The Effects of CEO Ownership on Total Shareholder Return

Jessica Phan is a Senior Research Analyst at Equilar, Inc. This post is based on an Equilar memorandum by Ms. Phan. Related research from the Program on Corporate Governance includes Paying for Long-Term Performance by Lucian Bebchuk and Jesse Fried (discussed on the Forum here), and The CEO Pay Slice by Lucian Bebchuk, Martijn Cremers and Urs Peyer (discussed on the Forum here).

As Amazon and Apple hit the $1 trillion valuation mark, there has been some speculation as to which company will be next. Despite reaching a market cap of $1 trillion, Apple and Amazon are very different in terms of CEO ownership stakes. Apple’s Tim Cook owns less than 1% of Apple stock, whereas Jeffrey Bezos of Amazon has 16.3% ownership stake.

The amount of ownership stake a CEO has can possibly provide insight into specific goals and directions that a company is heading. For example, different ownership stakes for the CEO may alter the compensation make-up. A CEO with lower ownership percentage may have compensation hinge more on non-stock-related performance metrics, while those with higher ownership may have compensation more tied to total shareholder return (TSR) and stock price. Among notable companies in the running to hit the $1 trillion valuation mark include Exxon Mobile Corporation, Microsoft, Alphabet and Facebook. Of the multiple companies approaching $1 trillion in valuation, only a couple of CEOs have more than 1% ownership.

Expanding the scope to an entire index of companies, more than half—52.6%–of Russell 3000 CEOs have less than 1% stock ownership of their company and 33.0% of Russell 3000 CEOs have between 1% and 5% ownership. While the vast majority of Russell 3000 CEOs have less than 5% ownership, 3.6% of Russell 3000 CEOs own more than 25% of company shares. For example, the CEO of Dell Technologies, Michael Dell, owns 45.4% of company shares. Likewise, the CEO of Genesis Healthcare, Inc., George Hager, owns a large percentage of company shares, at 87.5% of all shares.

CEO Ownership Compared to Market Cap

Analyzing the Russell 3000 on different metrics allows for more insight into ownership. For example, 26.1% of Russell 3000 CEOs from companies with less than $100 million in market cap own over 25% of company stock. Often times, smaller market cap companies have a CEO who also doubles as the founder of the company. As a result, the individual typically will hold more ownership stake in the company. For example, ACM Research, Inc.’s CEO David Wang is also the founder of the company. His company has a market cap of $80.5 million, and he holds 26.15% ownership. On the flip side, higher market cap companies generally have fewer CEOs who are also founders of the company due to longer company history among other things. As a result, as the market cap increases, the number of CEOs with ownership greater than 1% decreases as well.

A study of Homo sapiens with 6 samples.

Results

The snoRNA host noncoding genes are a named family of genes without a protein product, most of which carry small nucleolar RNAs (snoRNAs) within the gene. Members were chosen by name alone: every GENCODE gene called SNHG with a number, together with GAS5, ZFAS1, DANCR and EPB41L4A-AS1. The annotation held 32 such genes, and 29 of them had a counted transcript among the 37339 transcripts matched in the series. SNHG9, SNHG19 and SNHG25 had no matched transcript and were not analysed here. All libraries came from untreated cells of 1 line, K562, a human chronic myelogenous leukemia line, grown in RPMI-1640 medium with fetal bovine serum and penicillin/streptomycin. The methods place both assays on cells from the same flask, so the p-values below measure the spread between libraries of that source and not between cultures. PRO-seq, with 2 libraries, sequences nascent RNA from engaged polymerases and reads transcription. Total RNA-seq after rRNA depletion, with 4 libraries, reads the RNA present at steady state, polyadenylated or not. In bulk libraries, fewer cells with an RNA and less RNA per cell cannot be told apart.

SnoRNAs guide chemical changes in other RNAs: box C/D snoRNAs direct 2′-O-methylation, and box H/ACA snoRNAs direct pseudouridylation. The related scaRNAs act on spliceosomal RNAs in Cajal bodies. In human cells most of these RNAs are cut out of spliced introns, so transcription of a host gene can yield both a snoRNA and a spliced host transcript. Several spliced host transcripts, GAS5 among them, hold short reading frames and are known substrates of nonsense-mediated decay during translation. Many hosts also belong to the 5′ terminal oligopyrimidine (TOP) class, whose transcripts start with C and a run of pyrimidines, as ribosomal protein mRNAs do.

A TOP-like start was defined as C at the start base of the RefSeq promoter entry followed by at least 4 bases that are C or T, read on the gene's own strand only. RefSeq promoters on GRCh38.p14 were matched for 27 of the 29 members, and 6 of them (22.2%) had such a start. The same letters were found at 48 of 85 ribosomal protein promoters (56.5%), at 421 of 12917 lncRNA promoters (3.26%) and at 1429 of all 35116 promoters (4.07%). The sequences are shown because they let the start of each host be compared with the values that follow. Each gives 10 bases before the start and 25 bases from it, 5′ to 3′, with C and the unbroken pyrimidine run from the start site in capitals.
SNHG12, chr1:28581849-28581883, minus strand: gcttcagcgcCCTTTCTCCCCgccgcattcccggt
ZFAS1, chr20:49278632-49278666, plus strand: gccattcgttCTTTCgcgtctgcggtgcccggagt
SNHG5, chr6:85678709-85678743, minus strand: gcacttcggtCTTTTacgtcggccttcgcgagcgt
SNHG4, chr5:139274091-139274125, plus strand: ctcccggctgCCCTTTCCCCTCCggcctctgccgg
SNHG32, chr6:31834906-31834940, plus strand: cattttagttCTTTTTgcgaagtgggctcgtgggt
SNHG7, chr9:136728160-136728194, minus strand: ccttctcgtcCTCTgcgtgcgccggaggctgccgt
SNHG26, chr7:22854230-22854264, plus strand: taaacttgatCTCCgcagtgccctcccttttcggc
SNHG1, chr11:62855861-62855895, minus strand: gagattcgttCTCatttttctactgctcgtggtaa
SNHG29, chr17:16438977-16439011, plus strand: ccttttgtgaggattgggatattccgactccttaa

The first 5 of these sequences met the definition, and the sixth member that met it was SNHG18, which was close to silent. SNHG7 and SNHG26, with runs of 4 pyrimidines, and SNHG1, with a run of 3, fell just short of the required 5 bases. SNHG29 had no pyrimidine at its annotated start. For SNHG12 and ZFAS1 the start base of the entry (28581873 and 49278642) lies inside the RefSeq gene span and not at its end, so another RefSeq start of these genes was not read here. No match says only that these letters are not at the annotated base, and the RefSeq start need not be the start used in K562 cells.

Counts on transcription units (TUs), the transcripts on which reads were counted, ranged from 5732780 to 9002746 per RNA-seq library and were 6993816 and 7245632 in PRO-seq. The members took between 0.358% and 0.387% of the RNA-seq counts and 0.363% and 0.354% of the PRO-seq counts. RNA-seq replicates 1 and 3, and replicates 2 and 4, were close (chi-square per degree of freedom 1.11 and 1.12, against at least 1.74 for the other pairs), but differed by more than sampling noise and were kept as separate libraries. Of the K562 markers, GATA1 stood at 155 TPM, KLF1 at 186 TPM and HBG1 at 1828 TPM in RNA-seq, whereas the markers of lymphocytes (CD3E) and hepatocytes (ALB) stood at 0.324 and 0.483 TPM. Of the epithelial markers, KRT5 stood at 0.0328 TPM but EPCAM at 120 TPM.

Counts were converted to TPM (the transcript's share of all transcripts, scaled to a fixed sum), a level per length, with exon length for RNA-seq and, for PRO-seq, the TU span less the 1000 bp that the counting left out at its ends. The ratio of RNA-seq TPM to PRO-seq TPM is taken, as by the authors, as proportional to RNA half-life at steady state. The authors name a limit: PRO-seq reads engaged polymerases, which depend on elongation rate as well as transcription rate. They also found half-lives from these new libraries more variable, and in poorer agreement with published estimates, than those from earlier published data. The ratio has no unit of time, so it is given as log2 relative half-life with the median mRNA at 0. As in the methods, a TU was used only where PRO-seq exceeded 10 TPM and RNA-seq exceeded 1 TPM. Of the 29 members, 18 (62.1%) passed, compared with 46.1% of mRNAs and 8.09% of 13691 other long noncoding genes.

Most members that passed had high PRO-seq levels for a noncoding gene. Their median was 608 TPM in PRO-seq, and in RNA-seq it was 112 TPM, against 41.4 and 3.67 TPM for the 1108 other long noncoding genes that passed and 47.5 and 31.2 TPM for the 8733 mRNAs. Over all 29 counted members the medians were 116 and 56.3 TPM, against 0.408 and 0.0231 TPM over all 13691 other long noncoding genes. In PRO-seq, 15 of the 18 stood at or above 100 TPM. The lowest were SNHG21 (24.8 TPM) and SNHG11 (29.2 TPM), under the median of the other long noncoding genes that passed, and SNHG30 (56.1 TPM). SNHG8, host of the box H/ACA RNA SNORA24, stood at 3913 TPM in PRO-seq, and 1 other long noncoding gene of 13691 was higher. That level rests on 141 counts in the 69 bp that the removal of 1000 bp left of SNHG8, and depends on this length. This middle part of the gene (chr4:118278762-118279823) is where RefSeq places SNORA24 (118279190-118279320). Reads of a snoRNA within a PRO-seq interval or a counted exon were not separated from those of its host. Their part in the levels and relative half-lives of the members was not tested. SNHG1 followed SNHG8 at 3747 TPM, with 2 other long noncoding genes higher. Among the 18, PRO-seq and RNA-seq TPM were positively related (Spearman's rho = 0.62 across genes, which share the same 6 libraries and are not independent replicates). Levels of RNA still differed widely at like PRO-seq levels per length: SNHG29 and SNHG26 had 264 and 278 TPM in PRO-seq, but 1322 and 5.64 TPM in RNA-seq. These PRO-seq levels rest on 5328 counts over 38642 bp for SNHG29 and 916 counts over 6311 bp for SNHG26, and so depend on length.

Three-Year TSR to CEO Ownership

Another way to analyze ownership is to look at the total shareholder return of companies with high CEO ownership percentage to that of low-ownership companies. For companies in the Russell 3000, the highest median three-year TSR of 11.71 comes from companies with CEOs who have between 6% and 15% ownership. Companies with higher average three-year TSR have CEOs who have more than 6% ownership. The average three- year TSR for companies with CEOs who have 6%-15%, 16%-25%, and over 25% ownership is 11.90, 9.93, and 12.23, respectively. Typically, CEOs with more ownership stake have more incentive to increase the company’s stocks and TSR because the CEO’s payout is more dependent on this. In that same vein, it might make sense for companies with higher CEO ownership to base the chief executive’s compensation on TSR as a performance metric to provide incentive.

CEO Pay Ratio to CEO Ownership

Perhaps not surprisingly, the highest median CEO pay ratio for Russell 3000 companies comes from companies with CEOs that have less than 1% ownership. This is due to the nature of compensation at higher ownership companies. For companies, with low CEO pay ratios, the CEO has more ownership so they are less incentivized by cash compensation and more incentivized by stock prices to ensure that their stakes in the company are doing well. As an example, Berkshire Hathaway Inc. CEO Warren Buffet has 25.06% ownership in the company but received a total annual compensation of $100,000 in fiscal year 2017. As a result of his relatively low nominal compensation, the CEO pay ratio at Berkshire Hathaway Inc. is 1.87. While the median CEO pay ratio for CEOs with less than 1% ownership is 85.66:1, CEOs with between 1% and 25% ownership have a median CEO pay ratio range between 41.75:1 and 52.00:1. For example, both Walmart and McDonalds have CEOs who have less than 1 % ownership, and have sizable CEO pay ratios of 1,188:1 and 3,101:1, respectively.

Overall, the percentage of ownership the CEO has may indicate how a company operates and exists in its space. For example, companies with a higher average three-year TSR and a lower CEO pay ratio have CEOs who own over 6% of their company. With more of an ownership stake in the company, the CEO may have more incentive to make sure the company’s TSR remains high because the CEO’s direct payout is based on how well the company is doing. Additionally, 88.62% of companies with a market cap greater than $50 billion have CEOs with less than 1% ownership. As a result, the safe bet would be that the CEO of the next company to hit the $1 trillion market cap will most likely have less than 1% ownership.